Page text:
The best new albums of the month, May 2014

May was relatively easy to compile as there were some clear stand-outs over the month. Enjoy the ten...

The Delines 'Colfax'
Essentially this is another side to Richmond Fontaine and fans of that outfit - or indeed fans of Willy Vlautin's fiction - will not be disappointed. The Delines places female vocalist Amy Boone at the heart of the action as the band create a lush country-soul crossover. As always, Vlautin's lyrics tell a beautifully sad story.

Bo Ningen 'III'
my review (the 405)

"seven years and three full length albums on from their early noise-based jams they have refined and re-energized their unique approach to noise-rock with III. It's not punk, acid-rock, shoegaze or metal, instead it's a stranger hybrid of all of these and more. Now that "psych" has come to define garage bands reinventing the music of the past, they don't sit well with that tag either. Bo Ningen are about as futuristic a rock band as you could imagine."

Swans 'To Be Kind'

Nearly two years ago this Swans line-up made a fantastic two hour long album called 'The Seer', which was probably one of the best records made under that name, and Michael Gira even claimed it was the summation of his life's work (I'm paraphrasing, but you know what I mean). Unbelievably, they've done it again - another two hours of revelatory, boundary stretching rock music. Created mostly whilst on tour, these tunes sound more like finely honed jams than anything else. Thirteen albums down the line, they are still a huge creative force.

Bastard Mountain 'Farewell, Bastard Mountain'

Is Bastard Mountain a supergroup or a collaboration? Combining the talents of some of Meursault including vocalist Neil Pennycook, Rob St John and Sparrow and the Workshop, amongst others, they have created a beautiful album that equals much of the recorded output of the separate strands of each act. Three songs from each artist were brought to the sessions and then reworked into a lovely, haunted kind of folk music.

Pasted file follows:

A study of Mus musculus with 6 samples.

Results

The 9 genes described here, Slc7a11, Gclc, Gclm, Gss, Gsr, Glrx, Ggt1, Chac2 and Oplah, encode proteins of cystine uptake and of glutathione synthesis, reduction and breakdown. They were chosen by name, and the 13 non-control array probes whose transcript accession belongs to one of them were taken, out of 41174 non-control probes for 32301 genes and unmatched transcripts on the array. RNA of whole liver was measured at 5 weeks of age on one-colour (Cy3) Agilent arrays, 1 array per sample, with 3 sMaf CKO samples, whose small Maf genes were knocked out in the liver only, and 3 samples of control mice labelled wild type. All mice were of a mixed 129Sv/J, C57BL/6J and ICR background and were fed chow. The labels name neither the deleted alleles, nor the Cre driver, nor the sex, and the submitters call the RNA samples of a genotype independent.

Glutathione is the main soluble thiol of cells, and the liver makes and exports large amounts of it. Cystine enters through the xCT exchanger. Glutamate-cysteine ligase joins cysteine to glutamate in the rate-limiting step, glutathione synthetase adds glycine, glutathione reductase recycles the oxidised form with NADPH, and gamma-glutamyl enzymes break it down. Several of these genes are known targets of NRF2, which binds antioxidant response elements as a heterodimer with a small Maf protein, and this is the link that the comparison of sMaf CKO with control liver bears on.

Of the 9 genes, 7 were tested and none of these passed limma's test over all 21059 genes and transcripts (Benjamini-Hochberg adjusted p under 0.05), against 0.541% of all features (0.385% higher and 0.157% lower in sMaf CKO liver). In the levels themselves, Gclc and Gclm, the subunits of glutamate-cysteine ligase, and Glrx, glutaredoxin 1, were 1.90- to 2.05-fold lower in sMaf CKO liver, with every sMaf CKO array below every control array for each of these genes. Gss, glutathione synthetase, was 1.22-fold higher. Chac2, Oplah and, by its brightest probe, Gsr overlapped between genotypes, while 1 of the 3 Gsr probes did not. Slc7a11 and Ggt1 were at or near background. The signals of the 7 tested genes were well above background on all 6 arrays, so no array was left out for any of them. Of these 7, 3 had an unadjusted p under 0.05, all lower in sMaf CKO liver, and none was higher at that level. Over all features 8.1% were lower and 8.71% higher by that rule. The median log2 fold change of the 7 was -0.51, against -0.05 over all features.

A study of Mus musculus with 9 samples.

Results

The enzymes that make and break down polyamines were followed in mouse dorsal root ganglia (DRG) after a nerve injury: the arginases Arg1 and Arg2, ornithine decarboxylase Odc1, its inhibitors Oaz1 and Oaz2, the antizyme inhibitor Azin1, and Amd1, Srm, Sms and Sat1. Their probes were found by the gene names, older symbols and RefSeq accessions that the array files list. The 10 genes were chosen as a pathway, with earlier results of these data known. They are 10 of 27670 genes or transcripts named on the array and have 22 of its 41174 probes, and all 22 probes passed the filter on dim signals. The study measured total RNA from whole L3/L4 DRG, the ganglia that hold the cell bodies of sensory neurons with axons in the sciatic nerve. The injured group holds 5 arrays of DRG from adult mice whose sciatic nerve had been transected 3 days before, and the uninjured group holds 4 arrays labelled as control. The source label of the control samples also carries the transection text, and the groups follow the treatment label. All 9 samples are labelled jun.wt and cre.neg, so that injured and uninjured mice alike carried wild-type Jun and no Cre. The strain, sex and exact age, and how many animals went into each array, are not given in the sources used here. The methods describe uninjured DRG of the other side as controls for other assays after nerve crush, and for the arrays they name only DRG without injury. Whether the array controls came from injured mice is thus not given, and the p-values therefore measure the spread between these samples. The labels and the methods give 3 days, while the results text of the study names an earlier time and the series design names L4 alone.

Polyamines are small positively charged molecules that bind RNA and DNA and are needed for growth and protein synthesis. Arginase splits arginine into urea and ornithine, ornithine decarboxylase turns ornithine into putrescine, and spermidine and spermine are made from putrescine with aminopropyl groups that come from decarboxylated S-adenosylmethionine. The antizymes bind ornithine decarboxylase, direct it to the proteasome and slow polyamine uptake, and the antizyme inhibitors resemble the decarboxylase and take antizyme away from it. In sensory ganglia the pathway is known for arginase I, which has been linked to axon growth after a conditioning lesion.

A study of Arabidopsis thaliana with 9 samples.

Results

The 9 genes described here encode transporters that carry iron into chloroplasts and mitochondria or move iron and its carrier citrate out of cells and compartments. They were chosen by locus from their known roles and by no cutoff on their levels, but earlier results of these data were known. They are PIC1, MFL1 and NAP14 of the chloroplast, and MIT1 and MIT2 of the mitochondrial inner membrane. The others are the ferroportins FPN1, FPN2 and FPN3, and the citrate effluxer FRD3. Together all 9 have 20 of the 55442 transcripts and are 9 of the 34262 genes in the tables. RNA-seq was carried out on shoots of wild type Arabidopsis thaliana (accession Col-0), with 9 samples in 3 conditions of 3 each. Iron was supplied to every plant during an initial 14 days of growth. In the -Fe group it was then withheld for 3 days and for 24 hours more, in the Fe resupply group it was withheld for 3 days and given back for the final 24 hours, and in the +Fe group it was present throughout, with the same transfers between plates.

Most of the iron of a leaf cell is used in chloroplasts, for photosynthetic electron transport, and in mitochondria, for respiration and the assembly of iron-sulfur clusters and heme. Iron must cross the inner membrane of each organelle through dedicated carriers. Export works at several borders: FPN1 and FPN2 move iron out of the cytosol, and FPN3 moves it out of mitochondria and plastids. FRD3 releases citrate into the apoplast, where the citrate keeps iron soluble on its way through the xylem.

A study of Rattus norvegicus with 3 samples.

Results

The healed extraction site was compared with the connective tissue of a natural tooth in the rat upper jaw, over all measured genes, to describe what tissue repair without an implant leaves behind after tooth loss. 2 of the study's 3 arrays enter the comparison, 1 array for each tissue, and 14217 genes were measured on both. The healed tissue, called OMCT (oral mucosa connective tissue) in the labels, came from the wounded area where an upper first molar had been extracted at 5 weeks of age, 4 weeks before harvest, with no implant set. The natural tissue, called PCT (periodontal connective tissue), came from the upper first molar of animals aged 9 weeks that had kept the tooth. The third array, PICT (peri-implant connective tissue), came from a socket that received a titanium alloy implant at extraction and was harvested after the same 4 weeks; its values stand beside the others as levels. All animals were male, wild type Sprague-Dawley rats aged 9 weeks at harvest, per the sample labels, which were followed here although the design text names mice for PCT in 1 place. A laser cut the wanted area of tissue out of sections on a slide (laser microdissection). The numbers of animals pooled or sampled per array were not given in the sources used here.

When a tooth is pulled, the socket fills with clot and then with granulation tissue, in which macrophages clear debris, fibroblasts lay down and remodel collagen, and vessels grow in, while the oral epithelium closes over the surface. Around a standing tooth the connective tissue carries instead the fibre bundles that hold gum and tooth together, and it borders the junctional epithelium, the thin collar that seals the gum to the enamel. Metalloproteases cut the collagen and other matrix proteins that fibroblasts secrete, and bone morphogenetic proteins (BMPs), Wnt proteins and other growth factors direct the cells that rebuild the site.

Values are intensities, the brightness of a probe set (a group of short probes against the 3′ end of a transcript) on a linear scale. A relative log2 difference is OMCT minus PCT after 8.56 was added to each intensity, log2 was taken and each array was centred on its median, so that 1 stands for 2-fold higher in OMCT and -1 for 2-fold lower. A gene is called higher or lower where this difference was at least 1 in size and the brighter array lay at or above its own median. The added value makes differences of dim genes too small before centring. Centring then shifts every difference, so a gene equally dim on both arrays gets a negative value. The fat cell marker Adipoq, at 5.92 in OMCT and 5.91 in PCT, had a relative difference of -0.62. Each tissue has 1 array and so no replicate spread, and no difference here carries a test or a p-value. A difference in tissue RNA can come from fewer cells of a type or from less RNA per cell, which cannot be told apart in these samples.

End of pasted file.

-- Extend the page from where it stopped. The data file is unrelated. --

Sharon Van Etten 'Are We There'

This crept up on me in much the same way 'Tramp' did, with the really special moments emerging over repeated listens. Thematically it is similar as well, with her lyrics still firmly focused on the minutiae of relationships. The arrangements, and overall feel, is somehow a bit smoother, as if her earlier folk-rock and indie-rock leanings had had a little polish to make them even more accessible. That's not intended as a negative comment, just an observation, and this has been on constant rotation all month.

La Sera 'Hour of the Dawn'
The return of Katy Goodman, once of the Vivian Girls, with her side project that has now become her main musical outlet. In fact this is the third release under the La Sera name. Summery indie-rock, with a carefully concealed edge.

Oliver Wilde 'Red Tide Opal In the Loose End Womb'

Some confusion over this guy's name - is it Oliver or Olivier? He appears on Spotify as both! Anyway this is an odd but hugely interesting album, and one which I think is in the tradition of English experimental rock music, by which I mean that it manages to sound like Bark Psychosis, Radiohead and Robert Wyatt, often in the course of a single song.

Amen Dunes 'Love'

Essentially a solo project from Damien McMahon, 'Love' is the third and most cohesive release as Amen Dunes. Hints of Syd Barrett, psych-folk and Kurt Vile abound, and the album reveals more layers with each play.

Wussy 'Attica'
It's great to see that Wussy saved up some gems for what is their fifth album but is also essentially their UK debut - all their other earlier albums had been released in the USA only. In particular 'Teenage Wasteland' and 'Halloween' are such great songs that 'Attica' would have got into this list even if the rest of it was poor. Which it isn't of course, and the contrast between the styles of Chuck Cleaver (once of Ass Ponys) and Lisa Walker make for a fascinating listen. Well crafted indie-rock songs - and tasteful pedal steel in places - make 'Attica' so consistently strong that I think it may be an even better intro to the band than the 'Buckeye' compliation from a couple of years ago.

Ben Frost 'Aurora'

Ranging from ice cold electronic noise to barely audible ambient pieces, Ben Frost can claim to have released one of the most arresting albums of the year so far. As well as the synths, 'Aurora' relies heavily (no pun intended!) on the percussive talents of Greg Fox (Guardian Alien, ex-Liturgy) and Thor Harris (swans and many others). Written on a laptop in the Democratic Rep of Congo, mixed in Reykjavik, and one Tim Hecker is credited with "sound design".